This week ISO announced the publication of the first global benchmark of good governance, International Standard, ISO 37000:2021, Governance of organizations – Guidance. Here we outline how ISO37000:2021 extends governance beyond the law.
“We have all the legislation we need, but it is not being applied,” and “You can’t regulate ethics” are the most common expressions in relation to many issues. The truth is that “we all know better.” The new global benchmark of governance expects that organizations will do much more than merely comply with the law. Consider the three outcomes of good corporate, or more generally, organizational governance as indicated in ISO37000:2021: effective performance, responsible stewardship, and ethical behaviour.
People form organizations to achieve a purpose and that means, in essence, that they want organizations to perform, to achieve certain kind of outcomes or impacts. Company acts do not specify what the purpose of companies is nor that they must perform to a certain level.
Legislation that establishes statutory bodies does often specify the general objects of the organization and it does also, like companies’ acts, establish the governing body, some of its core functions and processes – but only at the broadest, most general level. Even if the legislation were to be applied – the legislation does not provide guidance to the governing body for what good performance means or how to achieve it.
Many people still act as though organizations are private domains and as long as they are acting within the law (company or statutory, labour, environment, capital markets, health and safety, etc.) and they are ‘giving something back to the community’ in the name of corporate responsibility then they are behaving responsibly.
However, the law only specified minimal levels for some of the areas that concern people who affect, are affected by, or perceive themselves to be affected by a decision or activity of the organization. The legislation is almost silent about what needs to be reported publicly and most governing bodies are only at the very beginning of thinking about these topics.
To be responsible, organizations must go much further: who are the relevant stakeholders? What are their material concerns? Are the positive and negative effects on capitals employed effectively balanced (e.g. is the changing balance between natural, financial, manufactured, intellectual, human, social and relationships justified)? What is our evidence that our activities today ensure that future generations are able to meet their needs as well?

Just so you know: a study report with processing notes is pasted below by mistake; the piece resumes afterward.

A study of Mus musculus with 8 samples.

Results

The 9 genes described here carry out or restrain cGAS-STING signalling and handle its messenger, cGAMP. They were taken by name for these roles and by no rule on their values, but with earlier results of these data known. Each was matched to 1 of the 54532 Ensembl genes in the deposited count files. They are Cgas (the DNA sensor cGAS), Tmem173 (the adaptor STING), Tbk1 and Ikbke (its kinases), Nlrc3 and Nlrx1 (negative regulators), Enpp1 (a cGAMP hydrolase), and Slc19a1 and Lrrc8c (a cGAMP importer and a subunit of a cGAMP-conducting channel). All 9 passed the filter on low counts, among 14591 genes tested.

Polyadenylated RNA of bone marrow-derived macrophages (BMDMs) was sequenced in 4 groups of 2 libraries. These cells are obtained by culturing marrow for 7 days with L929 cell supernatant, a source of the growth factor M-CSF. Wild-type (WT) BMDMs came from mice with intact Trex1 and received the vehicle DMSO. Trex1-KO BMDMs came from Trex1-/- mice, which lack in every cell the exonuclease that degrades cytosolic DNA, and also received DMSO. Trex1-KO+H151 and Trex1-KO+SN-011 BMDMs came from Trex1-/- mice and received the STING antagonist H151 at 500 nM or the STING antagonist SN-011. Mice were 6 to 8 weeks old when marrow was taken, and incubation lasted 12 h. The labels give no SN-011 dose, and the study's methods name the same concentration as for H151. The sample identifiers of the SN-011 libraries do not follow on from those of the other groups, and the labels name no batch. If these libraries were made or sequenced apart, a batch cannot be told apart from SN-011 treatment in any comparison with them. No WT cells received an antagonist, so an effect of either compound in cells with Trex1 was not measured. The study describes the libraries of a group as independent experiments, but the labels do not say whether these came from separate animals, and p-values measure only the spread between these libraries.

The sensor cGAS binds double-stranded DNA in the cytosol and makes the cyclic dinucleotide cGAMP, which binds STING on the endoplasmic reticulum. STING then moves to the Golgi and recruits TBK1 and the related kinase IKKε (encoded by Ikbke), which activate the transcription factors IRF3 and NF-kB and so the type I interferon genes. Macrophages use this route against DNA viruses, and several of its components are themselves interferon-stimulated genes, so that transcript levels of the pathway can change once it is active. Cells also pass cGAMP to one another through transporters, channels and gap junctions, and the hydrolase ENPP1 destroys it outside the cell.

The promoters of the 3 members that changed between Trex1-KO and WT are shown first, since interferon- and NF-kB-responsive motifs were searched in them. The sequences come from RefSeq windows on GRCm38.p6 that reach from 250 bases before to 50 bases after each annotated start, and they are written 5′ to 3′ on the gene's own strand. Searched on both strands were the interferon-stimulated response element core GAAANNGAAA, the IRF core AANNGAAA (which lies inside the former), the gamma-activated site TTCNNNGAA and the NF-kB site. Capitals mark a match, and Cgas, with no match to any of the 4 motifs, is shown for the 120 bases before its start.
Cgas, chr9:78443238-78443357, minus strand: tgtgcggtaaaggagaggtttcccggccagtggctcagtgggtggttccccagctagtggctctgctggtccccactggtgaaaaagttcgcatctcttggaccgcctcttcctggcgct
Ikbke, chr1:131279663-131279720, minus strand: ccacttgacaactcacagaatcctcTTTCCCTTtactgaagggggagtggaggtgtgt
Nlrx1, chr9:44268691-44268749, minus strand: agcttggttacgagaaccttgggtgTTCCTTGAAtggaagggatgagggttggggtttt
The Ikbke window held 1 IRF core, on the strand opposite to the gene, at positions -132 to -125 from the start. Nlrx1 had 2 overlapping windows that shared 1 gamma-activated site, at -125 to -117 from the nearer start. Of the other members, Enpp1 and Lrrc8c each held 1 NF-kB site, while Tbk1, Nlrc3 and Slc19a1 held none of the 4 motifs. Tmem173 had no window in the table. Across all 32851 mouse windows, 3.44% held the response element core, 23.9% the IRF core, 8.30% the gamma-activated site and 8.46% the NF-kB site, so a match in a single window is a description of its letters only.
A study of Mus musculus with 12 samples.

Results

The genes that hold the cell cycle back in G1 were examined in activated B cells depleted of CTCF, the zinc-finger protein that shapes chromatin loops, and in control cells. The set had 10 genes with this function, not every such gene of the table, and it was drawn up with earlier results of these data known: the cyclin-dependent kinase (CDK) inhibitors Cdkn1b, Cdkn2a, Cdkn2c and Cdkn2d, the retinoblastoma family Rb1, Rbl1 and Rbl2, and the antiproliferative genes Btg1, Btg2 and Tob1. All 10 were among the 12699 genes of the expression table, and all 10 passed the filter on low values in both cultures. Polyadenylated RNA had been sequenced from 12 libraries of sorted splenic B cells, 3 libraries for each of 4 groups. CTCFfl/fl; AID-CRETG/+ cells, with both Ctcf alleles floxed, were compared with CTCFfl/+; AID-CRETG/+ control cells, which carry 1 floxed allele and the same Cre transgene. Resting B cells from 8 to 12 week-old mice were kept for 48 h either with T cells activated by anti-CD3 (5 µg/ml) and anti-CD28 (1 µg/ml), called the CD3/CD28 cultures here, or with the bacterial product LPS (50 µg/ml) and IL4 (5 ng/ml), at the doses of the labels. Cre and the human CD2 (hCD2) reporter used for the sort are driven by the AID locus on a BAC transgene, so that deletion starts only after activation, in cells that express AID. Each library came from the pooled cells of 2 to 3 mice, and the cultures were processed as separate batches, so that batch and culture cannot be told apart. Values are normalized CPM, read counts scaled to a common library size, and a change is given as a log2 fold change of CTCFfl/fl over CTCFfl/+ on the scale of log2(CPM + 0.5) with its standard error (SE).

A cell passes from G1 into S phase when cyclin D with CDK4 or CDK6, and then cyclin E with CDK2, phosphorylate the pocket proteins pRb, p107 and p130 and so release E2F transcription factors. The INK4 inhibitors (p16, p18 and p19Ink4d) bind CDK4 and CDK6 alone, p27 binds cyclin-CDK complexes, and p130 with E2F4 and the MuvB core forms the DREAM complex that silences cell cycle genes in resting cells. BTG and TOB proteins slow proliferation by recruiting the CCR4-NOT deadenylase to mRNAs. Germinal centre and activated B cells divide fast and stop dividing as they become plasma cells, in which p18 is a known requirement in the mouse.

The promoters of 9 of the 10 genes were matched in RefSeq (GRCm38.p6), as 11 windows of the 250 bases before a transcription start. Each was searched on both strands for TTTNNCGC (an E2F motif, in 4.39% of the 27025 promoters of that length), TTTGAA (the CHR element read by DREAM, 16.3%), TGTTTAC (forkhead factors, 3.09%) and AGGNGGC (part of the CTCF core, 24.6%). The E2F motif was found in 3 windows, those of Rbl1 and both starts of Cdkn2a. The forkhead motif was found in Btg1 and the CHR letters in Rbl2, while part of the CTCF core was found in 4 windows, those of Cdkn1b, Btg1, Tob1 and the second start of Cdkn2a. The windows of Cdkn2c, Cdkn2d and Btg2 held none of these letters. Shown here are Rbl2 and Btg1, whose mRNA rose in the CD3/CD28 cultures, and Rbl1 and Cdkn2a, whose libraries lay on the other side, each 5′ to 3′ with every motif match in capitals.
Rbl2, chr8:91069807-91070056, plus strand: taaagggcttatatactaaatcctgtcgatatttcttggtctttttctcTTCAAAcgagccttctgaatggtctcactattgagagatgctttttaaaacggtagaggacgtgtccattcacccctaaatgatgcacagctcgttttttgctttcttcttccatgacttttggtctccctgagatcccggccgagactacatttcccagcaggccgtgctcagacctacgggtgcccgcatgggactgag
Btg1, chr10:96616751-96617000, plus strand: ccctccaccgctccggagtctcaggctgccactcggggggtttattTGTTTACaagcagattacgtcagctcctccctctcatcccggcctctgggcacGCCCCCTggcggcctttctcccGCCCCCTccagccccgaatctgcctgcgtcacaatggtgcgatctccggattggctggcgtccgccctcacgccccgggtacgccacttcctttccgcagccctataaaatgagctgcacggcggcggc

Suppose the board of a company, or the commissioners of a public authority, want to really ensure the organization is a responsible steward – where should they turn to for guidance? Legislation and regulation do not hold the answer.
Here too, good governance goes far beyond compliance with the law. What matters are the perceptions of stakeholders in particular situations: do they believe the organization as a whole and individuals within it act in accordance with local and internationally accepted principles of right and wrong? Does the organization demonstrate integrity and transparency in fulfilling its obligations and commitments? Are decisions made competently and with due care based on reasonable information? Do the stakeholders of the organization have the information to judge the performance, the stewardship of resources, and ethical behaviour of the organization?
Guidance – not more regulation
There is no doubt that there will be huge revisions in legislation and a lot more regulation in the future because the world and our understanding of it and our role in it are rapidly transforming. But neither legislation nor regulation alone will enable governing bodies to govern well. Good governance depends on governing bodies articulating the purpose of the organization and devising an integrated governance framework that empowers all governing groups and organization actors to fulfil their parts.Trinidad & Tobago has been instrumental in contributing to and being part of the international leadership team that developed the first international benchmark on good governance: ISO 37000:2021. The standard complements legislation, regulation, industry and organization specific guidance. The ISO standard on organizational governance brings four unique advantages: it is enabling, it allows comparison, it complements, and it is inclusive.
This article is part of the "Purpose with Profit" Column and an earlier version was published in the business section of the Newsday (Trinidad & Tobago) in September 2021.